03 Jun Displaced KZN families to benefit from CLOSE TO R2 million IN funding from the IDC to support PRIMARY HEALTHCARE
Hundreds of families left destitute and displaced by the recent natural disasters in Kwa-Zulu Natal will benefit from nearly R2 million in support from the Industrial Development Corporation (IDC).
In the aftermath of the devastating floods, the state entity has partnered up with a community development organisation, Rhiza Babuyile, to provide relief for communities affected by floods and landslides in the province.
More than 2 500 people are expected to benefit from relief efforts that will be carried out over the next four months. The support will include the provision of food, medical care, and blankets. Rhiza Babuyile will oversee the distribution of rescue packs including food and blankets, as well as employ nurses and community healthcare workers to provide much needed primary medical healthcare to affected communities. Relief efforts stemming from this donation will be focused in Umlazi, Inanda, Durban, and surrounding areas.
“We are on the ground, responding to the aftermath of the recent natural disasters which have plagued the province and left communities without important infrastructure leaving them destitute and without vital services and goods, says Rhiza Babuyile CEO, Rashuping Morake.
“The IDC is not only focused on developing our country’s economy through investing in businesses, but we are very concerned about the wellbeing and safety of our fellow citizens who are an integral part of the communities we invest in. We believe our partnership with Rhiza Babuyile and their excellent track record bodes well in assisting us to restore affected communities’ lives and assist the KwaZulu-Natal’s provincial government in their efforts to rebuild the province,” adds Tshepo Ramodibe, the IDC’s Head of Corporate Affairs.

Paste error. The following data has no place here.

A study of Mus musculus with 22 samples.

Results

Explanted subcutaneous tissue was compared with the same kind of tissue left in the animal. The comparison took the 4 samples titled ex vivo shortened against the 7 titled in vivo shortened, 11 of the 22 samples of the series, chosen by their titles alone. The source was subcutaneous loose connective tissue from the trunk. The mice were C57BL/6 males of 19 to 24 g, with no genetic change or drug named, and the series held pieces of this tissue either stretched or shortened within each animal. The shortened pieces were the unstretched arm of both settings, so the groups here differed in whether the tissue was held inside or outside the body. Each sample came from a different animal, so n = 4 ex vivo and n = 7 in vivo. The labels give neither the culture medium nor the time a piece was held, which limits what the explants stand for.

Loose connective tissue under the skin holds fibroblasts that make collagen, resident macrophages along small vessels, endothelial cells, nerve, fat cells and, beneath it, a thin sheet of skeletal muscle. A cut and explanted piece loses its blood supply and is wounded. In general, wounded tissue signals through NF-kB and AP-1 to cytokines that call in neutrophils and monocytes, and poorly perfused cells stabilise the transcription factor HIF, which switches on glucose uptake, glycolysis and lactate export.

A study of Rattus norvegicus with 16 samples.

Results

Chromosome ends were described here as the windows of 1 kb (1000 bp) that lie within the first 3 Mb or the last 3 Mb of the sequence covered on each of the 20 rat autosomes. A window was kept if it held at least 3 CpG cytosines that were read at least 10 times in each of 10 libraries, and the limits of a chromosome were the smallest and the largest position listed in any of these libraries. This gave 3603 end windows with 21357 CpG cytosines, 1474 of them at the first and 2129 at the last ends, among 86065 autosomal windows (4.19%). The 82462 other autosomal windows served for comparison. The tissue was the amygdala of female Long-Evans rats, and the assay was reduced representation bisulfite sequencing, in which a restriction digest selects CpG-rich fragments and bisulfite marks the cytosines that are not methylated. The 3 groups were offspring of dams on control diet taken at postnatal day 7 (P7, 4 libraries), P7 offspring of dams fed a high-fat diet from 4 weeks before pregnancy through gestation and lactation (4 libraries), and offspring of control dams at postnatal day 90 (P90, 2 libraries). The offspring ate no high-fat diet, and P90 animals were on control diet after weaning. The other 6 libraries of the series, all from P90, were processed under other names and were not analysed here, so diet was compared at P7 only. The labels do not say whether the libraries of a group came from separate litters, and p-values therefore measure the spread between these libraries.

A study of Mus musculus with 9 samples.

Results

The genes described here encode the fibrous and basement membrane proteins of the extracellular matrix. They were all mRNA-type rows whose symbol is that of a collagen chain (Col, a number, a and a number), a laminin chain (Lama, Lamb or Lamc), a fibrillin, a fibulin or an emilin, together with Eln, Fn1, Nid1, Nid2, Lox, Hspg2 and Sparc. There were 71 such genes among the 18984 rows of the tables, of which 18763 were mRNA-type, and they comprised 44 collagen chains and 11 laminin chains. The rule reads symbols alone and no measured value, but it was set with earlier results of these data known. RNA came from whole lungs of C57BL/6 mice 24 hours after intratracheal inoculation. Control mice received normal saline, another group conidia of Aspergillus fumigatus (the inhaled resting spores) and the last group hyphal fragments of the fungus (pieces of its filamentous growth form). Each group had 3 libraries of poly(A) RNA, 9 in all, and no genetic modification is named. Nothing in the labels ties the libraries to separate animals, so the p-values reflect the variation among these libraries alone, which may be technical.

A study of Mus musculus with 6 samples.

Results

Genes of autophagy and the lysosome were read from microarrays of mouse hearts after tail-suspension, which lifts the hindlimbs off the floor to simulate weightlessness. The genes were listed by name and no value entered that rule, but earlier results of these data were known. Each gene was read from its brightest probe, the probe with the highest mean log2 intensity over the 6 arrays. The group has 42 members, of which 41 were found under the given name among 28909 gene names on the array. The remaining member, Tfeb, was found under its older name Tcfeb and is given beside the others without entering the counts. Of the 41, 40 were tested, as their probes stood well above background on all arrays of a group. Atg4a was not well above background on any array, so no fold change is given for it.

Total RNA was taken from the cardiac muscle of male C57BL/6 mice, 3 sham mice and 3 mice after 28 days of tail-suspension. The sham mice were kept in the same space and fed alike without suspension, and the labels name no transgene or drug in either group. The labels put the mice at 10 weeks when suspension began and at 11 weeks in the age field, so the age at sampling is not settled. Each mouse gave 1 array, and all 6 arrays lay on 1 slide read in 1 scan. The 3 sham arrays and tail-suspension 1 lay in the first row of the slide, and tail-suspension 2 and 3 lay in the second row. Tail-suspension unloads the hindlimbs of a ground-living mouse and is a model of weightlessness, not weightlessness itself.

This initiative highlights the agility and importance of collaboration between community organisations and private and public organisations in times of disaster. It is partnerships like these which enable fast and effective relief during crises in hard-to-reach areas.
The floods, which hit the province in April this year during torrential rainstorms, destroyed over 85 healthcare facilities including local clinics, district and regional hospitals in the eThekwini, King Cestshwayo, iLembe, uMgungundlovu and Ugu districts. This has left thousands of patients being redirected to facilities which are impossible for them to reach, while many have been left with nowhere to go for their immediate healthcare needs.
Partnerships between locally based community organisations and government institutions have proven to be most effective in responding to this level of crisis in the past and we credit the IDC for entrusting Rhiza Babuyile with the responsibility to save lives and help KZN rebuild itself from a state of disaster to prosperity, concludes Morake.
Rhiza Babuyile has already been working in KZN communities where women and children, in particular, have been in distress and need of healthcare and other immediate needs, this funding will amplify their efforts.